One of UNICEF’s leading priorities across the world is to ensure that every child has the best possible start to life - a safe birth, sound care in their earliest years, and good nutrition.
But these priorities face some of the toughest challenges in the occupied Palestinian territory (oPt) where despite major improvements in the last 10 years in the health system, sustaining high immunization coverage beyond 90% is a major challenge.
This is due to Israeli military imposed closures and curfews hampering access of health care professionals. A UNICEF supported sero-survey showed that while more than 9 out of 10 children under-five years of age received measles vaccination, less than 2/3 have acquired the needed immunity.
More than 25 infants per every 1,000 of those born alive die before the age of one in oPt. A geographical difference exists between the West Bank and Gaza Strip as well.
More than 21 and 31 infants per every 1,000 of those born alive die before the age of one in West Bank and Gaza Strip respectively. This is due to the worsening living conditions and increased poverty rates in the Gaza strip in comparison with the West Bank.
Pre-maturity and low birth weight, congenital malformations, and pneumonia and other respiratory diseases are the most common deaths among infants less than one year old.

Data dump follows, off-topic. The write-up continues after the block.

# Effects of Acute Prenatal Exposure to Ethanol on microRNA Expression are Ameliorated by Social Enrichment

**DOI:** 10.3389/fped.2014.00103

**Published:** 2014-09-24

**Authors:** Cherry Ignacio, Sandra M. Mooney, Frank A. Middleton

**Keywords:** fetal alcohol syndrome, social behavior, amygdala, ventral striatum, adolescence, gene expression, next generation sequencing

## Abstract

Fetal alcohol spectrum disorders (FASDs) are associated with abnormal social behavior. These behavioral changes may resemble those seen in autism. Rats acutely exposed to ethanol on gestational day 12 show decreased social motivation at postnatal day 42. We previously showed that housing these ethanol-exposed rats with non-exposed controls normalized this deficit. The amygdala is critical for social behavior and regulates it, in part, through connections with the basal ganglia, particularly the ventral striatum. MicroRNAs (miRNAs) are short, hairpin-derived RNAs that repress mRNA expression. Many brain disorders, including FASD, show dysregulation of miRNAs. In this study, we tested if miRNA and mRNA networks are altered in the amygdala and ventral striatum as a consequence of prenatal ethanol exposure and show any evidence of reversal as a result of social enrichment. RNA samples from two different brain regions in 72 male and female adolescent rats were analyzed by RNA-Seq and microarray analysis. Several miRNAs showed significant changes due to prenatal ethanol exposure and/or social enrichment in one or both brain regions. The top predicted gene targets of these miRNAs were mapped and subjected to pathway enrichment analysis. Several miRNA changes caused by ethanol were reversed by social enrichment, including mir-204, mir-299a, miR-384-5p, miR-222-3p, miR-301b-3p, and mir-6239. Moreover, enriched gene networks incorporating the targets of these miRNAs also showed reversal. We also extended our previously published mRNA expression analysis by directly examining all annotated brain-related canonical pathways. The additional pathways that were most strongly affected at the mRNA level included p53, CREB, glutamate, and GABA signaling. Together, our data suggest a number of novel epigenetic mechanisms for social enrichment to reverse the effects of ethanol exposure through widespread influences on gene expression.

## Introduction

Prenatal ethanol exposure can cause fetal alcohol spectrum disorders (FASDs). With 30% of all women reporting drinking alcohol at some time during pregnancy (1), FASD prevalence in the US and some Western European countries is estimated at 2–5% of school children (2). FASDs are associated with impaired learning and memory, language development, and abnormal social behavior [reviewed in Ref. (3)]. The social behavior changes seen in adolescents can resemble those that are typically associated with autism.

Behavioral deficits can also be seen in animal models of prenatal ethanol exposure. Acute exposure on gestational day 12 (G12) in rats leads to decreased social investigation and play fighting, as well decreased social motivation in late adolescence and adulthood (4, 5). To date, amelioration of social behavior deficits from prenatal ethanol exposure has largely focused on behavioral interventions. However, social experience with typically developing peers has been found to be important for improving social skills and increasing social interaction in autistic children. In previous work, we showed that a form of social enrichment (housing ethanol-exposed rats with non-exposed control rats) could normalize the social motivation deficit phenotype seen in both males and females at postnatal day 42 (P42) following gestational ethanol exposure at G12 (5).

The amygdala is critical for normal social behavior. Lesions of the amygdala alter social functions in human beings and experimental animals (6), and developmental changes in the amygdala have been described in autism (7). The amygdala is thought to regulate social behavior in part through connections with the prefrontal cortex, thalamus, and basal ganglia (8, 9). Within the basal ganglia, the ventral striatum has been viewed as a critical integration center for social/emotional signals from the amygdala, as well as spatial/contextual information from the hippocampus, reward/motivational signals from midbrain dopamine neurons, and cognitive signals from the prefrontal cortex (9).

The nutritional status of children in oPt remains the same. 3 out of 10 children under five years of age are anaemic. Stunting (height for age) stands at 9.0% and wasting (weight for height) at 2.5%.
The high levels of stunting are likely due to a protein-deficient diet caused by increasing difficulties Palestinian families are facing in obtaining healthy foods – with less than half of Palestinian children having access to foods such as chicken, meat, fish and legumes on a regular basis.
Children of mothers with higher education and children of families with a high standard of living had less stunting than those with less educated mothers and those from families with a low standard of living.
To address health and nutrition needs, UNICEF guaranteed that every child in oPt was vaccinated and provided all available vaccines. An emergency measles immunization campaign with the administration of Vitamin A was conducted for half a million children in the age group 9 months to 5 years.
Caregivers were empowered with knowledge for the prevention of illnesses and immediate response in frontline areas, particularly important, as access problems prevent caregivers from reaching medical facilities with their children.
UNICEF also provided safe water storage devices and community awareness on hygiene promotion for approximately 50,000 people in Rafah.
Essential micronutrient supplementation was provided for children and women at childbearing age in areas where the risk of micronutrient deficiencies increased due to the degradation of services and food insecurity.